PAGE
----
DAC Beachcroft Scotland's Casualty Injury Team recently secured a successful result for their client in the All Scotland Personal Injury Court at Edinburgh after a 2 day trial.
The case arose from an accident at work. The claimant was working in the course of her employment with the defendants as a cook, preparing food containers and moving them from the kitchen to a serving area in an adjoining room. A colleague accidentally spilled water on the floor whilst carrying a kettle of water in the kitchen. When the claimant was passing the area shortly thereafter she slipped and fell. The accident report recorded the mechanics of the accident as "slip on wet floor". The claimant suffered a fracture to her thoracic spine as a result of the accident and shortly thereafter retired from work.
Eoin Quinn, DAC Beachcroft Scotland's Casualty Injury Team Manager, was instructed to act on behalf of the defendants by their insurers. He also conducted the advocacy at the trial personally instead of instructing counsel.
Initially it appeared there was causal connection between the fall and the spillage of water. However, thorough investigation and all the evidence in the case strongly pointed to a conclusion that there was no negligence on the part of the defendants. All reasonable procedures were taken after the spillage. The colleague who spilled the water immediately informed the staff working in the kitchen, including the claimant, that water had been spilled. She immediately placed a wet floor sign in the vicinity of the spillage and then mopped up the spillage. Thereafter the claimant traversed the area where the water had spilled but in fact continued beyond this area, into the adjoining room. After taking a number of steps into the adjoining room, she slipped and fell to her injury. There was no evidence that there was any water at the location where the claimant fell. Notwithstanding the evidential position the claimant vigorously pursued the action on the basis that the defendants were vicariously liable for the actions of the colleague who (i) spilled the water; (ii) failed to mop up the water spilt; and (iii) failed to mop up the water adequately. DAC Beachcroft advised the defendants the prospects of succeeding at trial were high.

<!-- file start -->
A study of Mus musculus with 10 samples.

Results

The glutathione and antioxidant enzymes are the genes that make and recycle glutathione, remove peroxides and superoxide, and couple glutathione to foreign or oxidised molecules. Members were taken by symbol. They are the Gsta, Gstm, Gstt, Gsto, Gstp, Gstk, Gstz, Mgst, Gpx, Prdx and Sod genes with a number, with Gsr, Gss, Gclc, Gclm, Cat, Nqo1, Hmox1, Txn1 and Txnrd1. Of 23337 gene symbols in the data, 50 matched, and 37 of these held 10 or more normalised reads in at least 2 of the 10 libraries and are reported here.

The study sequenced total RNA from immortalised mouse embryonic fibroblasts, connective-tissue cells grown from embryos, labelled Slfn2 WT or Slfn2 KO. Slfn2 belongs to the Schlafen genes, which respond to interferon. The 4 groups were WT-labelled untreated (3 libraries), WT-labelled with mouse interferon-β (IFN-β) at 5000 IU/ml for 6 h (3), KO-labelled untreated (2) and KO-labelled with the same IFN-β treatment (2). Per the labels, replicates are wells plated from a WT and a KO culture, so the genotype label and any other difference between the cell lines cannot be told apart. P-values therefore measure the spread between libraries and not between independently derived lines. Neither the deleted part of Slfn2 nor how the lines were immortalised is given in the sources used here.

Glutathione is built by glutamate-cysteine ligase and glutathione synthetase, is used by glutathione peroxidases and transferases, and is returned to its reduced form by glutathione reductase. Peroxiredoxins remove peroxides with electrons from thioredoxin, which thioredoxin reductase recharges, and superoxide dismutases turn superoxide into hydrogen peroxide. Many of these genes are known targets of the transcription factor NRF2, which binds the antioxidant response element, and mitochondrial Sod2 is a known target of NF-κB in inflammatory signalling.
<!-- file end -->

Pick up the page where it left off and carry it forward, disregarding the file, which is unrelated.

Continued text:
At trial, what exactly caused the pursuer to fall was strongly contested. The claimant's case essentially amounted to an assertion that there must have been water in the area where she fell, otherwise "she would not have fallen". However, none of the witnesses saw the pursuer fall. None of the witnesses saw water in the area where the claimant fell. The claimant was wearing Crocs which the court accepted she had previously been told by managers were unsuitable. Witness evidence confirmed the crocs were old and worn and that the claimant said on various occasions following that accident that it was not the fault of her colleague. We strongly argued that there was insufficient evidence to find that the claimant slipped on water and argued that people fall for all manner of reasons. The court agreed and found for the defendant and awarded them their costs.
This is a reassuring judgement for all employers and insurers and it is a reminder that first and foremost a claimant must prove their case. The Court will be slow to draw inferences from facts without evidence of such inferential facts. It is further a reminder that although on the face of it a case may seem straightforward, ultimately all will depend on the evidence on which the court ultimately makes its decision.
There are two subsidiary issues of note in this case. The first is that in the current "pre QOCS era" in Scotland, the defendants were awarded their costs. With the imminent introduction of QOCS to Scottish Personal Injury litigation it must be queried whether there will be an increasing reluctance to take such cases to proof. Whether pursuing such cases unsuccessfully will allow defendants to recover their costs by showing the pursuer has behaved unreasonably, or conducted the proceedings considered an abuse of process, remains to be seen. It is unlikely a case such as this would fall within either category and defendants, in the future in such cases, will have to meet their own costs. The second is that the defenders were faced with a "pursuer's offer" at an early stage in proceedings. The consequences of declining such an offer, if the defendants had ultimately been unsuccessful, would have been significant. An additional award would have been sought by the claimant equating to an additional 50% of their solicitor's costs from the date of such an offer. There is no equivalent deterrent available against claimants who persist with proceedings other than to offer settlement at a lower figure than claimed, with an offer of costs, which defendants who feel in a strong position may not wish to consider. Perhaps there should be such a tool to redress the potential imbalance, particularly when QOCS is imminently to be introduced.